You can retire your notebook and manual logs. Quantivly cleans, harmonizes and aggregates various data sources on-the-fly (e.g., image data, image metadata, and radiology information system (RIS) messages) to build a unified, unbiased, objective source of knowledge about scanner operations.
Our unified data layer is like a middle layer technology infrastructure that abstracts away machine/vendor complexity so that you can seamlessly ask questions, regardless of the scanner vendor.
The digitalization era has created data siloes that serve different verticals, e.g. the radiology information systems (RIS) and the picture archiving and communications systems (PACS). Within each system, various vendors have implemented their own flavors of each standard. The result is a situation where the data exists but cannot be synthesized to form a complete picture of operations.
Beyond data, metadata has been substantially overlooked. Yet, it is essential to understand the context of data. We believe that many analyses and AI applications will increasingly need to incorporate context to content to succeed, but it is critcally missing today.
We built a software platform that cleans, harmonizes, and aggregates various data sources on-the-fly to build a unified, unbiased, objective source of knowledge of scanner operations – we call it the Harmonization Engine. We first focused on the data created by imaging equipment (DICOM data and metadata) and scheduling systems (HL7). But we have many more to come.
Our key philosophical guiding principle: we take a “bottom-up” approach – this means focusing on data harmonization, augmenting our ontology with critically important concepts, and then building many applications on top of the data layer, as opposed to starting with an application and making the data fit it.
And we worked really hard on optimizations. The result: blazing fast queries. You don’t need to classic ETL (extract, transform, load) – you can just query the database directly.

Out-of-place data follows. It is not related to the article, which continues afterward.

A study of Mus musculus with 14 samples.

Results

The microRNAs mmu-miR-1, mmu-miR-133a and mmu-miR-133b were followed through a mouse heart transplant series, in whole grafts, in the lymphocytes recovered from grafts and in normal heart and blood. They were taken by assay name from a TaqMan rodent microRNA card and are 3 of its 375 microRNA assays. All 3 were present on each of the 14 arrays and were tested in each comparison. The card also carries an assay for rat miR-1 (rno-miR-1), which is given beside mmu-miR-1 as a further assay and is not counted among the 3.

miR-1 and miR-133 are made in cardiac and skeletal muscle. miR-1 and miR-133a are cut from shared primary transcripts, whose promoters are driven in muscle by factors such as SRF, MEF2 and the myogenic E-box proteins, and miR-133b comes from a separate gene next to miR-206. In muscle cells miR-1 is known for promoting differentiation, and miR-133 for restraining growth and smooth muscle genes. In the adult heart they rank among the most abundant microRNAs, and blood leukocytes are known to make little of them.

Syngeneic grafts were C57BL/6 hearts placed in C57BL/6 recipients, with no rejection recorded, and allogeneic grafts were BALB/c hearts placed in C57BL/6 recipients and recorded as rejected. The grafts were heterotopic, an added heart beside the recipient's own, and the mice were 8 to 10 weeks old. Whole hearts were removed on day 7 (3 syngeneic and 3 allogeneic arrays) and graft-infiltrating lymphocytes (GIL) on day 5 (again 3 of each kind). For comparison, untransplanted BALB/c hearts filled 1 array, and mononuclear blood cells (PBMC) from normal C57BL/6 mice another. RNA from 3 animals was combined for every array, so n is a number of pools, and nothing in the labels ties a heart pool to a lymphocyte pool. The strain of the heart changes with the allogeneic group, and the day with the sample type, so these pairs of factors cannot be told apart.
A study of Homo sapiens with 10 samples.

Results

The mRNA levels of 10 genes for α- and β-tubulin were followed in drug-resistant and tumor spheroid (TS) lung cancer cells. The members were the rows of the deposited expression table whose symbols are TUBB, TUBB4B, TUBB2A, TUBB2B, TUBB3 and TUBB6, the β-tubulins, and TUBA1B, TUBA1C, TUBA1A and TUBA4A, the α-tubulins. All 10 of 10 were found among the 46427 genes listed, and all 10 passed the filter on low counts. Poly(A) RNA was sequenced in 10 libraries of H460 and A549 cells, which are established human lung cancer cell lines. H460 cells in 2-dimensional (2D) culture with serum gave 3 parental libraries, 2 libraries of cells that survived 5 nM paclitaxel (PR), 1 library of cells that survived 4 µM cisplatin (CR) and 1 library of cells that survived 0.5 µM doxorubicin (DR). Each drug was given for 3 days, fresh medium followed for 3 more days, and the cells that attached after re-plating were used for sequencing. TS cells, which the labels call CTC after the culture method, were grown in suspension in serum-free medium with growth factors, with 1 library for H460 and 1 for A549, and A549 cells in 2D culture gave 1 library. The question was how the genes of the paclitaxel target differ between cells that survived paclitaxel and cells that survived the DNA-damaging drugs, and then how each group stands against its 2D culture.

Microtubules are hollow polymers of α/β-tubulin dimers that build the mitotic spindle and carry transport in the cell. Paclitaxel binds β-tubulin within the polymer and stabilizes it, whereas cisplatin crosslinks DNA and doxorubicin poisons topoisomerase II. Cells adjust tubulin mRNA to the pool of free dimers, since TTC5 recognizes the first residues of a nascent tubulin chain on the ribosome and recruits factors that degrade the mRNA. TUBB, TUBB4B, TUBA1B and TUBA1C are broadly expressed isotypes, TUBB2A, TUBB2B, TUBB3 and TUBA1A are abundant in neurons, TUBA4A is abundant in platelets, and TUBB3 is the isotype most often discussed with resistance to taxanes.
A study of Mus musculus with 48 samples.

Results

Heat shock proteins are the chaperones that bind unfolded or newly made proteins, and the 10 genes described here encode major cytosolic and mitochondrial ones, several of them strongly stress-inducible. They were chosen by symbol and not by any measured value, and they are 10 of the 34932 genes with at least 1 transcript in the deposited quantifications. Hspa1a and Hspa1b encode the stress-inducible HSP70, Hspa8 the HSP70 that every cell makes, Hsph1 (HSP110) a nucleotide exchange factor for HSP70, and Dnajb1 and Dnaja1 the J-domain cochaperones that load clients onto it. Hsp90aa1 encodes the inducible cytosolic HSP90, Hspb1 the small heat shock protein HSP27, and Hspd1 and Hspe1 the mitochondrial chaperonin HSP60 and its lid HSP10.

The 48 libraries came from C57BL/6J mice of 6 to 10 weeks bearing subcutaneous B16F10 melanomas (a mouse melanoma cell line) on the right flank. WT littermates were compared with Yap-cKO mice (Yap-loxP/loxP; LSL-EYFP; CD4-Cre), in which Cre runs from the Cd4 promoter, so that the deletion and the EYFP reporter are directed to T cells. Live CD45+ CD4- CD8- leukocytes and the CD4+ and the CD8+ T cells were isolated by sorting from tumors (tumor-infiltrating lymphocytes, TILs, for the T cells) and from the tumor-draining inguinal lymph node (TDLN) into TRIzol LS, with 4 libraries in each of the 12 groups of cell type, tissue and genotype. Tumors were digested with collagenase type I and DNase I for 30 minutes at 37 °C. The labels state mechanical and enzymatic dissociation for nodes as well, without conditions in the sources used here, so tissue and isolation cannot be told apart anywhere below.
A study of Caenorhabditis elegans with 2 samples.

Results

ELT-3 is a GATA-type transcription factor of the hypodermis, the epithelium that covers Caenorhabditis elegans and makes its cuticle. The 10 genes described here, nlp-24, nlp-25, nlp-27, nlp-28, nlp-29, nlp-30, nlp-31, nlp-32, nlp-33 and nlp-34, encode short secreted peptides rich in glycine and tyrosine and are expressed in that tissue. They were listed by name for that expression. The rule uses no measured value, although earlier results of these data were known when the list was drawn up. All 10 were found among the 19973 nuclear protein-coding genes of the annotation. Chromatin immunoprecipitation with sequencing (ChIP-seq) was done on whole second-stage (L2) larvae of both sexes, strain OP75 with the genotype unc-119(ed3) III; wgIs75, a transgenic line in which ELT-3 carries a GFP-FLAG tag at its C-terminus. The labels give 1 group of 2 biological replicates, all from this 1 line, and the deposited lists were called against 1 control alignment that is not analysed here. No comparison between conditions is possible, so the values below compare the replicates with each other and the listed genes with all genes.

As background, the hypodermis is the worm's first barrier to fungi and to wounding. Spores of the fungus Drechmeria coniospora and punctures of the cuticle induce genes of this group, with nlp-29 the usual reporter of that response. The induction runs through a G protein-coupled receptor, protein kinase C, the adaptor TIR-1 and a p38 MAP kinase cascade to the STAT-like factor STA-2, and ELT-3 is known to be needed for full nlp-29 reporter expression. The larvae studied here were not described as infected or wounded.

Our platform has low footprint and can be installed on premise on a physical server or on a provided VM.
Asking employees to manually collect data is both time-wasting and inaccurate. We analyze machine data instead.
We are using AI to augment our ontology with new descriptors (e.g., repeat detection, artifacts, etc. ), that can be sliced the way you want.
You will soon be able to create your own apps and add your own descriptors!
While DICOM provides a basic standard for describing the geometry of images for radiological interpretation, it fails at providing an ontology that describes imaging exams – it was designed for a different purpose and has been incompatibly extended by different vendors. After years of R&D, Quantivly has built an ontology that starts from DICOM and builds upon it to construct the first unified, vendor-agnostic description of imaging exams.
For example, we extract the concepts of imaging “exams” and “acquisitions” from DICOM studies and series, critical to accurately understand procedures’ duration and scanner utilization. We also extract the concept of volume, critical to accurately capture imaging parameters (e.g., that multi-echo TE MR sequence, with multiple TE in the same DICOM series).
DICOM provides information about what was acquired, when and how; but this is only half the story. Quantivly’s data layer unifies information from the radiology information system (RIS) via HL7 to compare “what happened” with “what was scheduled”, allowing for a continuous feedback loop to improve imaging operations.
An example? You can finally deep dive into delays; compare scheduled slot size and exam durations; and add granularity to your data (e.g., in/out patient, sedation, etc.).